On New Year’s Eve – One Swan A Dancing

New Year’s Eve afternoon finds me writing from home near the patio door which is framed by a coating of snow.

Across the street, the trees at the northern end of Lake Carasaljo in Lakewood are frosted white. Only an occasional car skimming along South Lake Drive breaks the peace of the day.

On this Seventh Day of Christmas, it would be fantastic to see seven swans a swimming glide by, but with far more geese than swans at home on Lake Carasaljo, that’s not likely to happen.

 Still, a setting like this  on the last day of the year brings swans to mind. From there, its just a simple jete to  Pavlovas – the meringue-based dessert named for the iconic Russian ballerina Anna Pavlova. She was  famed in days of yore for dancing the lead in “Swan Lake” and creating a renowned dance composition called “The Dying Swan” that became her trademark.

This  dainty dessert which recalls her fluffy costumes  would bring a difficult year to a close on a sweet note.

The dessert, invented either in Australia or New Zealand according to devotees who have been disputing its country of origin since the 1920s, has a reputation for being diccult to prepare.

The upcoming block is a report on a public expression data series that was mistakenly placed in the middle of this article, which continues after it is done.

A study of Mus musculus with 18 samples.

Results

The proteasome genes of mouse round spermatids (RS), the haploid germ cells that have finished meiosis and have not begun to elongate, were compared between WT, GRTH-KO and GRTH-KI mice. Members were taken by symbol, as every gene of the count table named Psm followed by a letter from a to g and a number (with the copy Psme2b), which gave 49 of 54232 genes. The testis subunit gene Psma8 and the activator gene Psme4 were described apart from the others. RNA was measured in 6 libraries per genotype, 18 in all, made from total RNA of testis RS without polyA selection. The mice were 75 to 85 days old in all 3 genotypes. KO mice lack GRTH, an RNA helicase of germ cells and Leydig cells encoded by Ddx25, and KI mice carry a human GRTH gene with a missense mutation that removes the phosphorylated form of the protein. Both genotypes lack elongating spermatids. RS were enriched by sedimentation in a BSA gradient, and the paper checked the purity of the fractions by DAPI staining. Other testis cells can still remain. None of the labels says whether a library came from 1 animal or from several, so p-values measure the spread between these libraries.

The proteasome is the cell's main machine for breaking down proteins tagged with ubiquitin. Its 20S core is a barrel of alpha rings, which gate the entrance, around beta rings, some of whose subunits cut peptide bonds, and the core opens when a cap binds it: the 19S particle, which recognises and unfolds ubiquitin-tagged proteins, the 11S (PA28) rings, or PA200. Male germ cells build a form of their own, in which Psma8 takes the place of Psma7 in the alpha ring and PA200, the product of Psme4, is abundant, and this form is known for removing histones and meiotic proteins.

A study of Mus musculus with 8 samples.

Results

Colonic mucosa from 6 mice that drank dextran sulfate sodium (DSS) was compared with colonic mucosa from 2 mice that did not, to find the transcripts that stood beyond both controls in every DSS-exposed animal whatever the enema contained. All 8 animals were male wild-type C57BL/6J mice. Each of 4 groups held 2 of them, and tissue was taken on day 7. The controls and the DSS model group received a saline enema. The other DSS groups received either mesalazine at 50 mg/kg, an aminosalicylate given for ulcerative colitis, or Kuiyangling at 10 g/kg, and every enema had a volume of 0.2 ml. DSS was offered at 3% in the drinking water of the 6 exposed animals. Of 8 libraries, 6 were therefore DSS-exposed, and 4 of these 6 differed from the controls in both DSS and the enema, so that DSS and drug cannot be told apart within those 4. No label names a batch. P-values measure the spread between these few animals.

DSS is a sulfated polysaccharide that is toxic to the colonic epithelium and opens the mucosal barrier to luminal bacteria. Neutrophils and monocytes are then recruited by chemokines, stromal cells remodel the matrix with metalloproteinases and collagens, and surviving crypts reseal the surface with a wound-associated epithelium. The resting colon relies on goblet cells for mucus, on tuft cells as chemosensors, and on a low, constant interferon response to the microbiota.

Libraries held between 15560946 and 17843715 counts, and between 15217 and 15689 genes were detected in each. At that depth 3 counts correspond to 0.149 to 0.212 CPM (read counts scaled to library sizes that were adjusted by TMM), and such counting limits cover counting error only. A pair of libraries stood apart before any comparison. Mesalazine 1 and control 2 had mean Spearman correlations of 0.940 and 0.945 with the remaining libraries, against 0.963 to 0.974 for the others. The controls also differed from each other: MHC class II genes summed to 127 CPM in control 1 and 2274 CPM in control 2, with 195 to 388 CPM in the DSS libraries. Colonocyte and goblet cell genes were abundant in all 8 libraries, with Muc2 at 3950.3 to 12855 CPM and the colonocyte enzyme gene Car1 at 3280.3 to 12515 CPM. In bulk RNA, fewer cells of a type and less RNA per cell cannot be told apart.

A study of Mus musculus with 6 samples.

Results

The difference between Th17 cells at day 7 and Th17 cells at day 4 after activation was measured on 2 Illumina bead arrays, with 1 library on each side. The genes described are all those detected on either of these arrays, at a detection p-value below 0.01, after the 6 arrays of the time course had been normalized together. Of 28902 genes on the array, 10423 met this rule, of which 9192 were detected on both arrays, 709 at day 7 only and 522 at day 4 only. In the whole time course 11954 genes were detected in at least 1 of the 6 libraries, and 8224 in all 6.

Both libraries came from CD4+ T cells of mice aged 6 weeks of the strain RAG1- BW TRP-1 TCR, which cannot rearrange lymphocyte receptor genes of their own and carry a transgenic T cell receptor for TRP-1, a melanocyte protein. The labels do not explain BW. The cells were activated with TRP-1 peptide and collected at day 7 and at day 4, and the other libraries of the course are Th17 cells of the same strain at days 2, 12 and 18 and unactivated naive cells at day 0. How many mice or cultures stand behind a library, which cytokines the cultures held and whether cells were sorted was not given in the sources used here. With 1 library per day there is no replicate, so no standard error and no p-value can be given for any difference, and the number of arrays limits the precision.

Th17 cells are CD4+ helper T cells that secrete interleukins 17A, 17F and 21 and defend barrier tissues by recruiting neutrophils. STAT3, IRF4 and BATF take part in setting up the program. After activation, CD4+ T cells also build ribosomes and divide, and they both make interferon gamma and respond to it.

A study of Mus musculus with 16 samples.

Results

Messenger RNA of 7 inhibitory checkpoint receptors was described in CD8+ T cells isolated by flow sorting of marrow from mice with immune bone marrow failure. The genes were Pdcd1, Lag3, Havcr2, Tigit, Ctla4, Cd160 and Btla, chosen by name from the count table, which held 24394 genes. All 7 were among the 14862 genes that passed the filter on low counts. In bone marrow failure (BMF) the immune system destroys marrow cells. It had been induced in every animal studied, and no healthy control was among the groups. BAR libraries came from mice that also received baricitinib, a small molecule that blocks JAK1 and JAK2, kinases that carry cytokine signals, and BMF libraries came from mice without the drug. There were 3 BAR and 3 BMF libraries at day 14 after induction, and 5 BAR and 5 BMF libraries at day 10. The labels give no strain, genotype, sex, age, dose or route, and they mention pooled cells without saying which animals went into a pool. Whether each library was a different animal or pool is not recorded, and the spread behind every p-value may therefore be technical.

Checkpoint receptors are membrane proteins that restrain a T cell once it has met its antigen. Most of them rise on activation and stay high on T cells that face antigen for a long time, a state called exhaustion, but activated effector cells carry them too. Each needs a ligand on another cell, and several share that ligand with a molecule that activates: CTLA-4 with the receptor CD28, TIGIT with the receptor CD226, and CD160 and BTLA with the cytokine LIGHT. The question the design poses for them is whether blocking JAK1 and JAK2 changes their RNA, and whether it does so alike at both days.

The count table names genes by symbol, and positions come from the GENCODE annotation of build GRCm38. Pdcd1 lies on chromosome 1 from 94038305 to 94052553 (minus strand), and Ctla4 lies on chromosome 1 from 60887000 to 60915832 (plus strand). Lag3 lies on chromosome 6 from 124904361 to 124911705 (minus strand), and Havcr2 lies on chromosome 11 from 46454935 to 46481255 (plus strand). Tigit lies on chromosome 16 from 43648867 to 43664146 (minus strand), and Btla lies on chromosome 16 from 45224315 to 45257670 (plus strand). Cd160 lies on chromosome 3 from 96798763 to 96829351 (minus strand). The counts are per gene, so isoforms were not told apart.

This version, adapted from several on the internet, is relatively simple. The key to its success is leaving it in the oven so that the meringue will set as the oven cools.

New Years Eve Pavlovas

Ingredients: 6 egg whites; 1  1/2 cup sugar; 1/2 tsp cream of tartar; 1 tsp corn starch; 1 tblsp white vinegar; 1 tblsp vanilla; 1 pint strawberries; confectioners sugar to taste; 1 cup whipped cream


preheat the oven to 350 degrees

Beat egg whites till soft peaks form and add 1 tablespoon of sugar at a time until the sugar is completely beaten in and dissolved. Mix the corn starch and cream of tartar together and fold into the whites along with the vinegar and the vanilla. Mound the mixture on a baking sheet covered with parchment paper. Make an impression in the center of the meringue which will later hold the berries.

Place the tray in the oven and lower the temperature to 200 degrees. Cook for 1  3/4 hours then turn off the oven, leaving the door closed until the oven has cooled.

Place the Pavlova shell on a large serving dish. In a separate bowl, toss the washed and hulled strawberries with confectioners sugar to taste. Cover the top of the Pavlova with whipped cream. Just before serving, pour the berries over the fluffy mound.